In DION M. SLATER-EL v. UNITED STATES, decided on July 7, 2016, the DC Court of Appeals reversed a second degree child cruelty case while applying a rather rare and archaic legal doctrine: the doctrine of inherent incredibility.

The child cruelty statute specifically provides:

A person commits the crime of cruelty to children in the second degree if that person intentionally, knowingly, or recklessly . . . [m]altreats a child or engages in conduct which causes a grave risk of bodily injury to a child[.]‖ D.C. Code § 22-1101 (b)(1).

The facts of the case gave rise to the doctrine inherent incredibility as was applied by the Court of Appeals are briefly as follows:

The appellant/defendant during a verbal altercation with his wife had grabbed his baby while still strapped to a high chair and during the scuffle had dropped or fallen partially on a couch with the child still in his high chair and under the defendant.

The trial court determined that appellant was guilty of attempted second-degree cruelty to children in that the appellant:

  1. Held the baby, who was strapped in a highchair, in a tight grip; and
  2. For many minutes, still very tightly gripping the baby, put his weight on the baby (or on some of the baby), with the child pinned between his body and the high chair on top of a couch.

Appellant contended that there was factual disparities in the findings and clearly erroneous and contrary to the physical evidence.

Specifically, the doctrine of inherent incredibility can be invoked when:

  • The testimony can be disproved as a matter of logic by the uncontroverted facts or by scientific evidence, or
  • When the person whose testimony is under scrutiny made allegations which seem highly questionable in light of common experience and knowledge, or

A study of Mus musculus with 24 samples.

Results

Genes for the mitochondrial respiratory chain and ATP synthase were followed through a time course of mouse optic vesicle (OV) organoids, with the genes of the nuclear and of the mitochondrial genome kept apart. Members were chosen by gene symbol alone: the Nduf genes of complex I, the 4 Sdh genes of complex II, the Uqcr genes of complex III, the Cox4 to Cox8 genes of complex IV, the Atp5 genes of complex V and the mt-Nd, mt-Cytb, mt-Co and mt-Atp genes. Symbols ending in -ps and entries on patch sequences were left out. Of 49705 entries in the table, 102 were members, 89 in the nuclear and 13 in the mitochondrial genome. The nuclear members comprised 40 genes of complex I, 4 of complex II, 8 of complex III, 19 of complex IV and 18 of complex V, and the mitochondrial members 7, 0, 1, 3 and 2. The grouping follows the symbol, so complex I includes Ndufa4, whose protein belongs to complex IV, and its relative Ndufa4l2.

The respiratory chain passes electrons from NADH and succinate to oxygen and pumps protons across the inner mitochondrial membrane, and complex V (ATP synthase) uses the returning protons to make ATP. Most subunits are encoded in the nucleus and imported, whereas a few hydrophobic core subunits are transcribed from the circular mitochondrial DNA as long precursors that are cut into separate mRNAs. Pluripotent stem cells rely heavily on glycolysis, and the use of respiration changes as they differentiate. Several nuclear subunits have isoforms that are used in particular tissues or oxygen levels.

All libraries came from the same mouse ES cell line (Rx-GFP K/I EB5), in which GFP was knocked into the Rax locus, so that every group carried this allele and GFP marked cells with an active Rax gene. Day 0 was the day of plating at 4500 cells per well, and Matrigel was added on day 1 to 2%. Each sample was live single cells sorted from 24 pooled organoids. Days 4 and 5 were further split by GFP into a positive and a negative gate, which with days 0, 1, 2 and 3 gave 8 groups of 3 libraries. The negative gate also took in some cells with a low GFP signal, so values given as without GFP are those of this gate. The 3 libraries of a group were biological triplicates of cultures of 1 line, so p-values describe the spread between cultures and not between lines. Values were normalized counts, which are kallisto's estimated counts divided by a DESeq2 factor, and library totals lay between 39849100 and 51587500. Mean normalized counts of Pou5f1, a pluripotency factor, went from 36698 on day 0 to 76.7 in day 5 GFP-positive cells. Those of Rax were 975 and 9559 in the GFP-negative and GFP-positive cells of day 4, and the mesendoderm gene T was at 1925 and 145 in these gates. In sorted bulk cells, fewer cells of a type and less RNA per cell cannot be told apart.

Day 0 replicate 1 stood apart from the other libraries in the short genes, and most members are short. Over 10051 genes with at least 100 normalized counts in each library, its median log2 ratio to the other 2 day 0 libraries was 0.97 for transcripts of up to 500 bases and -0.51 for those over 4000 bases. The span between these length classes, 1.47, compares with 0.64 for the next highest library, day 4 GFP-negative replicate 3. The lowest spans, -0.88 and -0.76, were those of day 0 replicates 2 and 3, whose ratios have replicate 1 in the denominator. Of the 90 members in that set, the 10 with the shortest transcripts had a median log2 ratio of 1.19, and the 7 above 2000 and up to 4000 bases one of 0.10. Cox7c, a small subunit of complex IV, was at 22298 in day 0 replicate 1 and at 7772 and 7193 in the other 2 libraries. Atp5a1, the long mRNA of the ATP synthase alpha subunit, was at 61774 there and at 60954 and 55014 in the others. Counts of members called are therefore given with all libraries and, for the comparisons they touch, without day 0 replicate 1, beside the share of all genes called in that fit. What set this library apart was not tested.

• Behaved in a manner strongly at variance with the way in which we would normally expect a similarly situated person to behave.”

The trial testimony credited by trial Judge was of a family member in the home, who testified that while she was positioned behind the defendant and could not see the baby, she presumed that the defendant was on top of the baby and also his weight was on the baby.

The Court of Appeals in factoring other testimony concluded that factually

  1. The witness was not positioned to view the baby or to determine whether the appellant’s weight was on the baby;
  2. Other testimony established that the defendant was on his knees and thus his weight was not on the baby but crouched over the couch wrapping his arms around the baby;
  3. The baby was still in his high chair with the frame around protecting the baby from any possible injury.

Legally, the court held that factual testimony while cross-compared did not support the elements of statute and thus reversal was warranted.   That the factual evidence could not prove the elements of second degree child cruelty.

In fact, the child was also unharmed which further supported the physical evidence that he was never in harms way.


Categories: Criminal Defense and Family Law.